CJUS 330 Test 2


Course Code:


Liberty University

CJUS 330 Test 2 Liberty University

  1. In crimes of violence such as assaults, robberies, and rapes, Hispanic women report what percentage of these crimes to the authorities?
  2. Dharun Ravi, a freshman at Rutgers University, used a webcam to spy on his gay roommate’s dorm- room sexual encounters and streamed the video (Shallwani, 2012; Slane, 2015). A few days later, his roommate Tyler Clementi, a talented young musician, committed suicide. These events quickly became the subject of intense national interest, and Ravi was charged under New Jersey law with hate crime, invasion of privacy, witness intimidation, and bias intimidation (but not murder). What was the basis of the government’s case?
  3. The three most prominent defendant characteristics used in the discussion of crime and crime policy are:
  4. Which of the following court participants is supposed to stand at the center of the criminal court drama?
  5. Felony defendants are most likely to be:
  6. Some see the victim’s movement as providing needed support for victims of crime.
  7. Victims and witnesses are generally eager to work with the criminal justice system.
  8. Witnesses generally feel that the police, prosecutor, and judge explain witnesses’ rights and duties properly.
  9. As prosecutorial dominance increased in the United States, the power of victims declined.
  10. Some studies focusing on victims have identified ways in which the courts have ignored the interests of victims and witnesses.
  11. Which of the following is billed as the world’s largest law firm?
  12. The U.S. attorneys serve as the nation’s principal litigators under the direction of the attorney general. One U.S. attorney is assigned to each of the judicial districts, with the exception of Guam and the Northern Mariana Islands, where one serves both districts. Each U.S. attorney is the chief federal law enforcement officer of the United States within his or her particular jurisdiction. How many U.S. attorneys are stationed throughout the United States, Puerto Rico, the Virgin Islands, Guam, and the Northern Mariana Islands?
  13. Which framework maintains that sentencing decisions are made by standards of blameworthiness, protection of the community, and the practical constraints and consequences of the sentencing decisions?
  14. What is the title of the head of the Department of Justice?
  15. Which of the following is NOT a name given to the prosecutor?
  16. The role of the prosecutor involves little discretion.
  17. Law schools provide an overview of the law on the books, but give their students very little exposure to the law in action.
  18. Programs aimed at improving police–prosecutor relationships and community prosecution are two contemporary examples of the expanding domain of the prosecutor.
  19. The three major agencies involved in prosecution in state courts are the state attorney general, the chief prosecutor, and the local prosecutor.
  20. An officer of the court has a duty to see that justice is done.
  21. Which of the following statements is true regarding the U.S. Supreme Court’s decision in Gideon v. Wainwright?
  22. Which method of providing legal representation for indigent defendants has been found to violate the Fifth and Sixth Amendments to the U.S. Constitution by at least one state supreme court?
  23. Like many other provisions of the U.S. Constitution, the Sixth Amendment has a different meaning today than it did when it was first ratified. In a landmark decision, the U.S. Supreme Court held that, based on the Sixth Amendment’s provision of right to counsel, indigent defendants charged with a felony are entitled to the services of a lawyer paid for by the government (Gideon v. Wainwright, 1963). Later, the Sixth Amendment right to counsel was extended to juvenile court proceedings as well (In re Gault, 1967). But as so often happens, answering one question raised several new ones. Which of the following issues did the court wrestle with following the Gideon decision?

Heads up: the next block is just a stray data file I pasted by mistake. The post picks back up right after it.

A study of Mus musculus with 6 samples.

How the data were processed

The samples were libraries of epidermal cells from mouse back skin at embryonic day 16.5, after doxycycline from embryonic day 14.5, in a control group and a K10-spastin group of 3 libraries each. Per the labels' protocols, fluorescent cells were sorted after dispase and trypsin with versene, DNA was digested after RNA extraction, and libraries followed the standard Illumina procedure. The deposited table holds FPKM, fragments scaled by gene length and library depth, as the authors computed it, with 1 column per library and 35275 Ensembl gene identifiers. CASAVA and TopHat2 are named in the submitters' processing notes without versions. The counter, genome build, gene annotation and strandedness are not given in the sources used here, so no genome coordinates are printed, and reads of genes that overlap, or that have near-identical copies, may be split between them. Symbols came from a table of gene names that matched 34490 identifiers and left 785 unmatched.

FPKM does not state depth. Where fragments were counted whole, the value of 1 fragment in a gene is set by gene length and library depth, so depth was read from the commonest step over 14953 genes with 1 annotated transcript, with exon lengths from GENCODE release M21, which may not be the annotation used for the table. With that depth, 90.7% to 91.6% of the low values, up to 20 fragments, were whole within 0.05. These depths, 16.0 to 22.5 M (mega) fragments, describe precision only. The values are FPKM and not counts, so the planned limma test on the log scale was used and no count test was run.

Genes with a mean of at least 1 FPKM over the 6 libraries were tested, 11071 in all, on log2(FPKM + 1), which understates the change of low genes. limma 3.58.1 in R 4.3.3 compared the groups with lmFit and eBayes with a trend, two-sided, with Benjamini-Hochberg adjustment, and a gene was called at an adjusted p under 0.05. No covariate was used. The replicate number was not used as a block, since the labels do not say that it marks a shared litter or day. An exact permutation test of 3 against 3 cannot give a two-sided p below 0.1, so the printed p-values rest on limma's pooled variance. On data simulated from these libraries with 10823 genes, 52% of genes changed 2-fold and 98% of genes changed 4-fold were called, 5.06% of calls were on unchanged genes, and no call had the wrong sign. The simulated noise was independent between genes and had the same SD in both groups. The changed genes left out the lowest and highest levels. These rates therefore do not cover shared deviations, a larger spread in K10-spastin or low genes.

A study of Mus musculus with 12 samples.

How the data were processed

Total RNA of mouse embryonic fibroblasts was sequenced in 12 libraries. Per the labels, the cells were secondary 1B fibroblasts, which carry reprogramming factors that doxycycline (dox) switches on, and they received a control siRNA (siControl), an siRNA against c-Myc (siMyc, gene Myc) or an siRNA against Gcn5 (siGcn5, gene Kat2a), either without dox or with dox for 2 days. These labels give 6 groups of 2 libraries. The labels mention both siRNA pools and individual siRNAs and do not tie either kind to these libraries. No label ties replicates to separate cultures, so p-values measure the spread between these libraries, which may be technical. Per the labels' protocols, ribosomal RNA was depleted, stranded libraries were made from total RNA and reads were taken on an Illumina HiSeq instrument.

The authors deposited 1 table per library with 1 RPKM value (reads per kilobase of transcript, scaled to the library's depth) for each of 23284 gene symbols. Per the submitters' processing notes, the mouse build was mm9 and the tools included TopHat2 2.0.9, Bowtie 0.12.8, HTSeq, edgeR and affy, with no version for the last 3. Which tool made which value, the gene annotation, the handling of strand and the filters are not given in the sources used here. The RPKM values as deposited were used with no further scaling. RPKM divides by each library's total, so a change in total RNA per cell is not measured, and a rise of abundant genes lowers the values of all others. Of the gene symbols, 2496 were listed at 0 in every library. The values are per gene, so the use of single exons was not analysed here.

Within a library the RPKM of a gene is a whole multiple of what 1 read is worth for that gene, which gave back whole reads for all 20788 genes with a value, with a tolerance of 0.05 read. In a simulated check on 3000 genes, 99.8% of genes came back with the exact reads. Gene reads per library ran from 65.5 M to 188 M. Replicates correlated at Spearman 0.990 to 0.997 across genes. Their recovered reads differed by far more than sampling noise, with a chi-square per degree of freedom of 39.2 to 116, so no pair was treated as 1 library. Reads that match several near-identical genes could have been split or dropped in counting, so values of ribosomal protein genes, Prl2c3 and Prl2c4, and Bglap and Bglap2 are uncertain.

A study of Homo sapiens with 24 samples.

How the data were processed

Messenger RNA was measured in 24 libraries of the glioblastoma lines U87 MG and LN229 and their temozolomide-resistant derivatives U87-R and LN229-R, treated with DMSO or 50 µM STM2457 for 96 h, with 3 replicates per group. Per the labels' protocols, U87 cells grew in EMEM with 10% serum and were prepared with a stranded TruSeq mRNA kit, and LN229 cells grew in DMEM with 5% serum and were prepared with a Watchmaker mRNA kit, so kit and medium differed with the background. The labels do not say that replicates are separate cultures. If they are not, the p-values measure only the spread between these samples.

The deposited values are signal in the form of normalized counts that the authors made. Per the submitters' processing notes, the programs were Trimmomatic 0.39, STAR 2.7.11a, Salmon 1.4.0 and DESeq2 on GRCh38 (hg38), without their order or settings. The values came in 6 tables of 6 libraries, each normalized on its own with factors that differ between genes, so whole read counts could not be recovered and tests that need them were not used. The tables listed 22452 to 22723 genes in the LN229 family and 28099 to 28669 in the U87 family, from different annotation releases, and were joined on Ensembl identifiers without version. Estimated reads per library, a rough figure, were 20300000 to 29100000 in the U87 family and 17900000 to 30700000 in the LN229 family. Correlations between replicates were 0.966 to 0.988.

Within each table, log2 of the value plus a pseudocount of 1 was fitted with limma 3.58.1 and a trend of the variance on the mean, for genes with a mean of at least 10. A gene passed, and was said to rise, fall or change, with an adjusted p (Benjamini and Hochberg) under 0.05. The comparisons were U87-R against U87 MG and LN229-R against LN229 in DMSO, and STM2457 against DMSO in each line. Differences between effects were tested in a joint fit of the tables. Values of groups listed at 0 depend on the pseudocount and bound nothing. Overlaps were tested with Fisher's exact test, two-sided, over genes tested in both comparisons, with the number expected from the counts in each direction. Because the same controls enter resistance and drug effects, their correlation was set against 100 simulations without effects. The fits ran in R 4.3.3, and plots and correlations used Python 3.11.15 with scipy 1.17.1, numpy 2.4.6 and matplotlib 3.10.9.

24. Because of the numerous sanctions that may be applied to defense attorneys, they are forced to take which kind of posture?
  25. In which of the following cases was it decided that juveniles are covered by the Sixth Amendment’s right to counsel?
  26. Lawyers must always do what their clients ask them to do.
  27. Prosecutors prefer to deal with inexperienced defense attorneys.
  28. A mentally ill defendant may never represent himself in criminal court.
  29. Defendants may view their public defender as similar to the prosecutor.
  30. Getting along with clients is one of the easiest parts of being a public defender.
  31. An increasing number of federal court vacancies have been filled by women since whose presidency?
  32. According to Sally Kenney (2012), what does having women on the bench add to the institution?
  33. Which minority has the largest representation on benches of state court?
  34. If the proceedings went to trial, who would conduct the trial?
  35. Which form of judicial selection requires judges to face a retention ballot after a short time in office?
  36. Critics of judicial elections assert that they are fundamentally inconsistent with the principle of judicial independence.
  37. Judges are never elected.
  38. Most judges are newcomers to political life; most have little (if any) political experience.
  39. If state judicial conduct commissions find merit to a complaint about a judge, they often implement formal sanctions immediately.
  40. Judges are controlled by the courtroom work group.
  41. Explain the difference between absolute immunity and qualified immunity for prosecutors.
  42. In general, “justice delayed is justice denied.” Explain the meaning of this phrase and how it affects defendants. What steps have legislatures taken to deal with the problem of court delay? Have these steps been effective?